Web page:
Choice of Songs?

Ron One Person Band


Choice of Songs?

There are really two reasons for choice of songs.  First the person doing the choosing has to like the song.  The second and perhaps even more obvious is that the song must at least have some chance of them doing it.


I think it would be no surprise to us that many of us are the most fond of songs we heard in the location and time when we grew up.  We tend to associate memories with songs many times, and our early teen memories and years around that time are often the strongest memories - therefore the most associated with songs.

That is also true for me.  And sometimes I even joke asking if any decent song was ever made after 1970?  But of course many were.  There were also some great songs before I was born, songs from the 30's and 40's.  For example one song that I am working on that I also have worked on in the past is "Stormy Weather" - Lena Horne and Billie Holiday - a great song from 1943 - before I was born.  One of the greatest band leaders in my opinion was Glen Miller who I thought had a good sense of what to do with a big band.  And I believe he died in WW2 before I was born.  I attribute Glen Miller with the start of what was the big time rock of the 60s and 70s.  His song "In the Mood" for those who played in rock bands fit the rock image to a "T".  It was a common three chord progression of simplicity, and one adds a walking bass part going up to the dominant 7th and then some jazzy movements, and you have the foundation of many rock songs later to come.  But of course, one like me usually has to search the times outside of their teen years and be open minded to the great songs done before their birth and also after their teen years.  And yes, I do try to keep an open mind.  But we all have songs we will associate with memories - and they may well be different.


I had mentioned that I am doing a book on home recording.  In it I am going to have a chapter on vocals, even though I never took singing lessons.  However, I have recorded myself many many times, and that is another way to learn.  Some people are born with great voices and should be respected.  In that I would include Michael Jackson, Mariah Carey and also the king Elvis Presley - among others.  Now some people have great talent and have huge vocal ranges and can do tricks and clever things with their voice.  But that does not often describe the rest of us.  In fact for us normal humans, I would never suggest anyone trying a difficult Michael Jackson or Mariah Carey song.   It can be too much range and too much voice oddity for us mere humans.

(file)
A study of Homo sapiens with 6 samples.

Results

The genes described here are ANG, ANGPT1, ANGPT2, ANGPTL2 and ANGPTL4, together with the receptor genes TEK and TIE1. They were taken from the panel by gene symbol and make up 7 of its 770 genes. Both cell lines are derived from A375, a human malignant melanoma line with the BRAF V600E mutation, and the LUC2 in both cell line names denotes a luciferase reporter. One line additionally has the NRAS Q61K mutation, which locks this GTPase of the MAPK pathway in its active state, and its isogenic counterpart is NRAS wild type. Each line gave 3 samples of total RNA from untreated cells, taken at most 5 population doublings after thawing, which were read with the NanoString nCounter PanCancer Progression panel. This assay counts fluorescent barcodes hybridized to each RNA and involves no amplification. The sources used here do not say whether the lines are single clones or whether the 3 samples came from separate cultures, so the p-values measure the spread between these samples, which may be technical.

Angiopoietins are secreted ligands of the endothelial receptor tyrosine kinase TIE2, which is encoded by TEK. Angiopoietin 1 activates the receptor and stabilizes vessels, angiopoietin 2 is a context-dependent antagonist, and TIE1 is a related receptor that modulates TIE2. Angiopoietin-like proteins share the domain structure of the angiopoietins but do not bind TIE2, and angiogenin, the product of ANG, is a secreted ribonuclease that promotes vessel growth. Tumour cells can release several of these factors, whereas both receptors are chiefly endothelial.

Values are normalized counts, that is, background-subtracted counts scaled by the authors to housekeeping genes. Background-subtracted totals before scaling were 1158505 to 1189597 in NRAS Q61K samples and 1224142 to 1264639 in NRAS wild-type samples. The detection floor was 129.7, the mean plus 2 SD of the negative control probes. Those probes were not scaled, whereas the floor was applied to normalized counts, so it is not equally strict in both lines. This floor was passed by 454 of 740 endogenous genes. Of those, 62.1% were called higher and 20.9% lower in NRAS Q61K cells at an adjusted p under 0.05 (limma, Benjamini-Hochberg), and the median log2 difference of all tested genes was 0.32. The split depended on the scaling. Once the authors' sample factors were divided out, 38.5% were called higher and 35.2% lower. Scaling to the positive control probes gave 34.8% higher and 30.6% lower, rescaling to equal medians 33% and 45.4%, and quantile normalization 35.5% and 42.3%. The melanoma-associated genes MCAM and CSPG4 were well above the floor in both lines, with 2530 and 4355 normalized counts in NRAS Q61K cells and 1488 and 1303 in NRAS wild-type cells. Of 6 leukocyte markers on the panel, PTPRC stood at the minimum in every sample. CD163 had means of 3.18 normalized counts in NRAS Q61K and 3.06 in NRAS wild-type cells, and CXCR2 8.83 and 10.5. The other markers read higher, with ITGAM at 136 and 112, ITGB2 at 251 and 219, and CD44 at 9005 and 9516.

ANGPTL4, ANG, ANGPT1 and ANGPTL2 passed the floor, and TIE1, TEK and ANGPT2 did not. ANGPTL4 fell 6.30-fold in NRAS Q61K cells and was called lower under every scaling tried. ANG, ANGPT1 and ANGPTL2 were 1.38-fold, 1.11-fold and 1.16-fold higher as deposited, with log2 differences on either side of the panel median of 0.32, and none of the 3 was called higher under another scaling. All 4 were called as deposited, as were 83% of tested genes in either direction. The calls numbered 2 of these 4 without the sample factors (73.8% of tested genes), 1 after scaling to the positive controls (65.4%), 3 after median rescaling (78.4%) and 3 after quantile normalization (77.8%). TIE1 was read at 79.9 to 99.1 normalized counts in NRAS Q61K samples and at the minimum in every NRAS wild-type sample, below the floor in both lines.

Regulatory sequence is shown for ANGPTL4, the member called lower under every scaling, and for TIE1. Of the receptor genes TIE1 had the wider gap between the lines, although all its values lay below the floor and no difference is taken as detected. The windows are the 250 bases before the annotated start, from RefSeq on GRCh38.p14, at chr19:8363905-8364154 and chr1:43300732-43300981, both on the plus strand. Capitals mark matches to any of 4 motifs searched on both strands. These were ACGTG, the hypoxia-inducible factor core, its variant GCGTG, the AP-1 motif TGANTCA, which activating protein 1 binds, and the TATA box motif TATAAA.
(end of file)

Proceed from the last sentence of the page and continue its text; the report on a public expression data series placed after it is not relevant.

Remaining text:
For the rest of us, I suggest (among other things) experimenting to find out "what you can do" or at least "have a chance at."  If you try various songs and record yourself, you will sooner or later figure out the range of notes that your voice has a chance at working in.  You can also find out if your voice is best smooth, raspy, or if it is better to hold notes out or let them go in short bursts.  All of this I think depends on the person.

In at least my early music for example, you might find some Neil Diamond stuff and Johnny Rivers.  You might guess that I am quite fond of both of those artists.  Well, yes and no, ha ha.  They also sing in a similar key to one that I might have a chance in.  They also "usually" (key word that should worry us) sing in a range that I might have a chance at.  And so I like to pick on their songs.  On the other hand, Stevie Wonder (the brat) sings in a very different key than me as does CCR Clearance Clearwater Revival (the brats) and also the Temptations (more brats).  Now, I also like everything those three last artist groups or people did.  However, one of my first steps is generally to modify it to a key I have a chance at - and that will not be the original key.  For a 2013 song included here I do a CCR song "Have you ever seen the Rain".  Yeah, but after doing the song, I raised the song 7 half steps (similar to lowering it 5 half steps - since an octave is 12 half steps).  Then I redid some of the guitar and bass to lower those notes and I also modified the organ part.  Wrong key for me... initially.  So the song may sound odd to you, but I would guess mostly since it is in a different key than what it was written.


In the movie "A League of their Own" about women in baseball, Geena Davis knows her little sister has a batting problem.  Her little sister cannot lay off the high fast balls but tries to swing at them.  As I think Geena pointed out - "she can't hit 'em, and she cannot lay off 'em".  Well, those of us who do music can also have days like Geena's younger sister.  There are some songs I like so much that I am just going to try them, even though the range or key or other should tell me "to lay off that fast ball".  So we all can have that issue.  Well, we are all just human.


Somewhere in all of the middle of this, we take a chance and do a song and perhaps record it.  Just speaking from my own experiences.  It is worth it.  It is fun to do a song.  And if it sounds even half way reasonable, I feel good when I play it back.  And I would recommend this hobby to everyone.